The social justice winds are blowing through evangelicalism. Today, the culture is making demands upon the church of Jesus Christ and sadly, some leaders are willing to cave to such cultural pressures in order to appear successful. What’s even more troubling is such success is being equated with biblical fidelity. In an age where the culture is leveraging specific agendas like #MeToo, #BlackLivesMatter, and “gay Christianity” against the church, certain leaders begin to use the controversies as an opportunity for success. Suddenly, pulpits are opened for women, “multiethnic” becomes a marketing tagline, and inclusive language is modeled within evangelical circles. What did Paul do when the Jews demanded signs and the Greeks sought wisdom? Did he cave to cultural pressures?
The cultural pressures that we experience today are nothing new. They have been pressed upon the church in various ages before—but although history repeats itself, those who live within such repetitions of history only have one opportunity to take the right turn and stand boldly upon the gospel. Paul was a man who faced immense pressures to compromise. When the Jews demanded signs, he could have given in and become a hero among the Jews. When the Greeks were seeking wisdom, he could have used his brilliant mind and eloquent tongue to satisfy their intellectual cravings. But, Paul did not bow to the massive cultural pressures. Instead, he preached the simple message of the cross which the Jews despised and the Greeks considered to be utter folly.
Paul wrote these words to the church at Corinth:
The culture is demanding activism from the church and a form of social justice that does not square with the biblical justice found in Scripture. Such cultural demands produces division rather than unity and they never fully satisfy the cravings of the culture. Today’s evangelical culture is filled with leaders who are repenting of their “whiteness” and suggesting that they had not fully understood nor preached the true gospel until they had become “woke” in their understanding of the gospel. Should we partner with women who teach deficient theology in order to satisfy the perception of the masses? If we open the doors to “gay Christianity” what about those who practice polygamy? The cultural cravings can never be satisfied through cultural messages. That’s why Paul pointed the church at Corinth to the sufficient gospel of Jesus and encouraged them to stand firm on the gospel under such cultural pressures.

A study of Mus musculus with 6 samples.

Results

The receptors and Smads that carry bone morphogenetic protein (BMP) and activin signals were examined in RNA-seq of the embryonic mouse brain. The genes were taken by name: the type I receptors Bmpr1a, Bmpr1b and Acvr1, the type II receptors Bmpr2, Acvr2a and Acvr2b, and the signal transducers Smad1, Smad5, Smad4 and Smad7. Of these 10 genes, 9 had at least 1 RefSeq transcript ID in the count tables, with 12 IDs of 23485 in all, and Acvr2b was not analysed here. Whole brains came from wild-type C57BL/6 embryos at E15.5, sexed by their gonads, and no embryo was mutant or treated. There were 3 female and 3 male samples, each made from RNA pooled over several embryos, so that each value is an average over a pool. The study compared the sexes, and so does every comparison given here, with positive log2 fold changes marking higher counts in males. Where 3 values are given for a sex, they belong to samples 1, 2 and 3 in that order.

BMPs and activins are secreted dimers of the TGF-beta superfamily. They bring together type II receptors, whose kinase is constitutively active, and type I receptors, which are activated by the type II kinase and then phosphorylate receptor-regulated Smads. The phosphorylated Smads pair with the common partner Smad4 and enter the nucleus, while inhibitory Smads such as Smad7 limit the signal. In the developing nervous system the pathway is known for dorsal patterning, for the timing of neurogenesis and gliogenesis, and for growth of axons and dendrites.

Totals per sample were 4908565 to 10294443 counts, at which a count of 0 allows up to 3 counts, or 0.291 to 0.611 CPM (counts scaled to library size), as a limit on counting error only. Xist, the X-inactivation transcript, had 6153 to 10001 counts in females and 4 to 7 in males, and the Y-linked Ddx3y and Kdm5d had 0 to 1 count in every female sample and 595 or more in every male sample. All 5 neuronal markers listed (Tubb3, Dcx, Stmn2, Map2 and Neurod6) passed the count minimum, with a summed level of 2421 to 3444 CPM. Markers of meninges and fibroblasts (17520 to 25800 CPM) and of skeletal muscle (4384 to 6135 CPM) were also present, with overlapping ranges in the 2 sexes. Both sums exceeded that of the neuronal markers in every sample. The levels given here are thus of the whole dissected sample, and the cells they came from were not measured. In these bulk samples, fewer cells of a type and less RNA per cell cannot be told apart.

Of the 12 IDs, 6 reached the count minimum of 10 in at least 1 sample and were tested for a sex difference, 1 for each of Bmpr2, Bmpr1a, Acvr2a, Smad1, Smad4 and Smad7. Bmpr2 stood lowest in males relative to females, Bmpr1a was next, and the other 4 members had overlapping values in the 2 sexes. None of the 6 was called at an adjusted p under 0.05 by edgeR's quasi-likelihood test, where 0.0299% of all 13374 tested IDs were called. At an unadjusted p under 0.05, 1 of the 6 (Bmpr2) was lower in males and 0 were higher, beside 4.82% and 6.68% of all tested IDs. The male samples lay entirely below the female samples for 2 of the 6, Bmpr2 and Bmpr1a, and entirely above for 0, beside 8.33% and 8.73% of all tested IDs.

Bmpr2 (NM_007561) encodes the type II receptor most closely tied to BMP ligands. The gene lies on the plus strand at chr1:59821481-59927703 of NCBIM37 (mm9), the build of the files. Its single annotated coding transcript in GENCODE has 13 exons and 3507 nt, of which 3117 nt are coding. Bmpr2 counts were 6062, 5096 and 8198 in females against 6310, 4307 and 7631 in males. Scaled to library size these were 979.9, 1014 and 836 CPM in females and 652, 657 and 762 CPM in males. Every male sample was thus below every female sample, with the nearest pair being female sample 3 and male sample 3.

The Greeks sought a philosophical worldview that satisfied their intellectual cravings and answered their complex questions about how to live a life of success. They needed answers to the perplexities of life and the silly message of a Jewish man dying a brutal death on a Roman cross was insufficient. They demanded more. They laughed at the gospel. Paul maintained his position on the cross and refused to compromise even in the slightest degree. He was confident that the message of the cross was the sufficient message to save Jews and Gentiles, bond and free, male and female and bring them into unity of the Spirit and the bond of peace.
Today, when we have so many competing voices who are self-proclaimed experts on the latest social trends and are demanding that we employ the social justice model of ministry in order to reach a lost culture and bring unity among God’s people—we must not forget Paul’s message to the church at Corinth. If we cave to the social justice pressures—the message of the cross will be abandoned and the church will not be unified. Meanwhile—the culture will not be saved by social justice.
Rather than giving the people what they wanted, Paul gave the people what they needed. Will you and your church be satisfied with peddling the message of social justice while the lost are perishing? Will you continue to employ messages that are divisive and destructive within the body of Christ or will you simply stand firm without compromise upon the gospel of Jesus Christ?
It pleases God to save sinners through the gospel.It pleases God to unify his church through the gospel. Why would we want anything else? Remember Paul and his message to the church in Corinth when you hear the cultural pressures of the world demanding something other than the gospel.